Why Software Piracy Isn't Theft

In an earlier article of mine on the dependance of Windows on Piracy, I promised a discussion on whether or not software piracy should be considered as theft. Well, here we are, and I would like to demonstrate how piracy is not theft.

To start of with, let us define theft. The commonly accepted definition is “the taking of someone else’s property without their consent“. The two keywords that need to be looked at here are “taking” and “consent”. I am going to demonstrate in various different ways why software piracy does not come into the same category as theft. My first argument is with the word “take”.

First of all, the word “taken,” as it was originally used, was meant to imply that what you take is no longer there with the owner. In fact, the root of the word piracy itself betrays what it is supposed to mean. Pirates stormed ships forcibly, looted the occupants (not to mention murdered and God knows what else), and took away things that left the original owners without them.

This clearly doesn’t apply to piracy of music CD’s and software. If I download a song from a server, then the original copy is intact and nothing has been lost. To put a different spin on it, if I light a candle, and you (without my consent) light another candle from my flame and run away, can I charge you with having stolen my light? Is that piracy? I don’t think so.

Of course, all software companies and music companies have the right to make it as difficult as possible for people to copy and run their software. Which brings me to my second point as to why I don’t consider piracy as theft.


Image Credit: decoder72

I quite understand the meaning of the term opportunity cost. The primary gripe with piracy is that it causes lost sales. This assumption is dubious at best or remarkably overstated. For this argument to ring true, the assumption must be made that if a user illegaly downloads a song, he or she would have purchased it. If the user never intended to purchase the song, then downloading the song illegally has not caused any sort of lost sales.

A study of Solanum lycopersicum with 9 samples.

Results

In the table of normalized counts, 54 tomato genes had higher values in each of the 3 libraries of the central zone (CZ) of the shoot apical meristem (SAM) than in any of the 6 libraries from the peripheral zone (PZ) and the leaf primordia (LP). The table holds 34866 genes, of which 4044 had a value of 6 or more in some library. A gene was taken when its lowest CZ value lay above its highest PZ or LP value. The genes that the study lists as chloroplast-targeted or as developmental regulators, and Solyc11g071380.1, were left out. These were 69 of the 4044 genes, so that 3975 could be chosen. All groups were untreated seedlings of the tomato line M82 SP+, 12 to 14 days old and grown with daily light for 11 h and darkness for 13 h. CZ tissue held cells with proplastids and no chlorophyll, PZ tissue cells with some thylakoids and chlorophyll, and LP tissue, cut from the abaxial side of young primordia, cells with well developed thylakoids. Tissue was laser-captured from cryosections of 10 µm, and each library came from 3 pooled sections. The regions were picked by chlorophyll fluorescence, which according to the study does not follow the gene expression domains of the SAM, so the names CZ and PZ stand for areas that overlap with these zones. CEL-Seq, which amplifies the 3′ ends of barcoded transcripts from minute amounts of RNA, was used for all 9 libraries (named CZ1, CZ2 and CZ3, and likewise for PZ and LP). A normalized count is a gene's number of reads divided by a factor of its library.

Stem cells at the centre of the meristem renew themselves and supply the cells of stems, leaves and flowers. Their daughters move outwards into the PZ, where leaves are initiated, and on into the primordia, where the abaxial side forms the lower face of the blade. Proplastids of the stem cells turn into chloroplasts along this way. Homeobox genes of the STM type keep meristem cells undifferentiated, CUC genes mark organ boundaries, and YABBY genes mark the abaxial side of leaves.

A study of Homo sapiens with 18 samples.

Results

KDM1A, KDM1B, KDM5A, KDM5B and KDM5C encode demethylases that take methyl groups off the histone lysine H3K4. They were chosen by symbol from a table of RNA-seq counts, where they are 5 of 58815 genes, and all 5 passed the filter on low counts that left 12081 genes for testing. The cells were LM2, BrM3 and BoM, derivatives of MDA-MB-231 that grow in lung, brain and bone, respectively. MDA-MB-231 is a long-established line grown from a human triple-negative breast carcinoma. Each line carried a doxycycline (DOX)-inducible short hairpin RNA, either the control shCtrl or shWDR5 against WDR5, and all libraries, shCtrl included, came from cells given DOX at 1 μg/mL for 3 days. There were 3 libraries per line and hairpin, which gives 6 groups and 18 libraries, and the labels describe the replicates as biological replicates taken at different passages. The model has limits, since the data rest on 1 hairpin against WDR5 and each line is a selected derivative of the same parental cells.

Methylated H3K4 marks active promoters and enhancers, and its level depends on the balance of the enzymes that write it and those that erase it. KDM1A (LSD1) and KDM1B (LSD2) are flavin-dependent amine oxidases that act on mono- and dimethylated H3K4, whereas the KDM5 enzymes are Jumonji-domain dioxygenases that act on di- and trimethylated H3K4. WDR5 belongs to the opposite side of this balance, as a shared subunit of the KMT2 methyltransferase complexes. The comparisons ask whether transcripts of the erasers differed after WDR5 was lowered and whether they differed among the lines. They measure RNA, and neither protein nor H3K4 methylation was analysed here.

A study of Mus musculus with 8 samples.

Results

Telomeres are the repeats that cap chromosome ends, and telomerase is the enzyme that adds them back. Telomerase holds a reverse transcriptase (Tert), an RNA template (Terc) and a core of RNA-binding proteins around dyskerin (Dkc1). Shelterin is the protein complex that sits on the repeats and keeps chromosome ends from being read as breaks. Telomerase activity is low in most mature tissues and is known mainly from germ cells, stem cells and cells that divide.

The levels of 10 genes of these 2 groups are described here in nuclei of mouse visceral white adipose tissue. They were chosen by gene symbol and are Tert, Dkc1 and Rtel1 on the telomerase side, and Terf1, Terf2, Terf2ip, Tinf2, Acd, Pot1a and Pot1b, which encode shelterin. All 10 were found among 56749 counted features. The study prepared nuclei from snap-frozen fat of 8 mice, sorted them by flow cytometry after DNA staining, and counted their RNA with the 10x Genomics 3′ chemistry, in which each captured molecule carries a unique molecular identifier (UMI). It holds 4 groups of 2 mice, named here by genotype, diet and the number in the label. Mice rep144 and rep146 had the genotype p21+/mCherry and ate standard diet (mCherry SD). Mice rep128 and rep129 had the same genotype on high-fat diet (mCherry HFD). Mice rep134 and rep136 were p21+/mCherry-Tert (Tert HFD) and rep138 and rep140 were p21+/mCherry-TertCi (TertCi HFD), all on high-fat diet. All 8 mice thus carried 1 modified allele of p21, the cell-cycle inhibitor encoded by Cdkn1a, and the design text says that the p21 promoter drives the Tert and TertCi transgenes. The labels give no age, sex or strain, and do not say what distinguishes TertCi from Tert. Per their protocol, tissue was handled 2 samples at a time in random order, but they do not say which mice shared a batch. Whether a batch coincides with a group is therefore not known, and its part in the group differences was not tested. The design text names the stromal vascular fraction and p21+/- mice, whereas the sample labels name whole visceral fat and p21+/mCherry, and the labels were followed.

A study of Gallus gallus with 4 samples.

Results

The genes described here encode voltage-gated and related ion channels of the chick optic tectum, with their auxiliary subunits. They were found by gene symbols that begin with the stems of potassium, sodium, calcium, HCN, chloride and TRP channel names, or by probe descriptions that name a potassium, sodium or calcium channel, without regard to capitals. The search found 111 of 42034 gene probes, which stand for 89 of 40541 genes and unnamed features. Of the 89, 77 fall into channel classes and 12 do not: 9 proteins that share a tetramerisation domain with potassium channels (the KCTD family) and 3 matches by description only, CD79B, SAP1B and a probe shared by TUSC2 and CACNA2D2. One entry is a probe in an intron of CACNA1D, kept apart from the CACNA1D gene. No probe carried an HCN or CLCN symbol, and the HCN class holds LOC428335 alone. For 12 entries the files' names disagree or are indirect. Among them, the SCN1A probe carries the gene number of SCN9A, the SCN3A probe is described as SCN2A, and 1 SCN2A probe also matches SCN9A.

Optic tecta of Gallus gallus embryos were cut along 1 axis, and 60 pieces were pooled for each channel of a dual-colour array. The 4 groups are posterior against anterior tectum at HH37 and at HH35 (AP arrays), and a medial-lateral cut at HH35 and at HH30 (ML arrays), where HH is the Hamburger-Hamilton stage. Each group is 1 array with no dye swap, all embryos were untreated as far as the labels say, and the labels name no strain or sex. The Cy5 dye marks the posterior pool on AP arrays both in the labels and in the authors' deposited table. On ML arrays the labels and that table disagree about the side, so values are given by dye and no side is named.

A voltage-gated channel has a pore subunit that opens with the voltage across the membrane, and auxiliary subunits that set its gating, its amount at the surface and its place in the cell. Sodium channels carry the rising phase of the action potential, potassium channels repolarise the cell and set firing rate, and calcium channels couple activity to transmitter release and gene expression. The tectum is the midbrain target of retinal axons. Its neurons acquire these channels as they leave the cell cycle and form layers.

In fact, this is much more often true than not. The overwhelming majority of people who illegally download software would never have bought it if they were unable to get if for free. So this argument falls flat.

My final argument is an extension of my earlier article on how to charge different prices for your products. Companies usually adopt pricing policies that confer an additional benefit to those who pay high prices. For example, business class passengers in airplanes have shorter lines. Conversely, they make it difficult for customers who are price sensitive and want to save money to ensure that only those who are willing to make some sort of a sacrifice can get the lower priced products. The example is that of discount coupons which force customers to go through all the hassle of cutting out and saving useless bits of paper in order to get a discount.

Piracy can be looked at in this light. It is never easy to download something illegally. You have to find a source, try and crack it, are in constant fear that updates will change something and render the software useless, etc. This is the reason why people pay money for software. They do it to avoid hassles. The very fact that people choose to buy software instead of trying to get it for free demonstrates this. The end result is this: People who would never have bought the software anyway are the ones who usually try and download music and software illegally. The others buy it to avoid the hassles of using non-genuine software.

The fact that people are still buying music and paying for software illustrates this principle. They pay for software even though they can get it for free. As long as companies make it as difficult as possible for their software to be copied illegally (it doesn’t have to be impossible), they will not lose sales since those to whom the software is worth the price will purchase it.

A lot of people of course, have different points of view on this, believe that you should go to an online store and purchase software, and they are most welcome to share with our readers why they feel that piracy is theft or provide further reasons as to why it is not.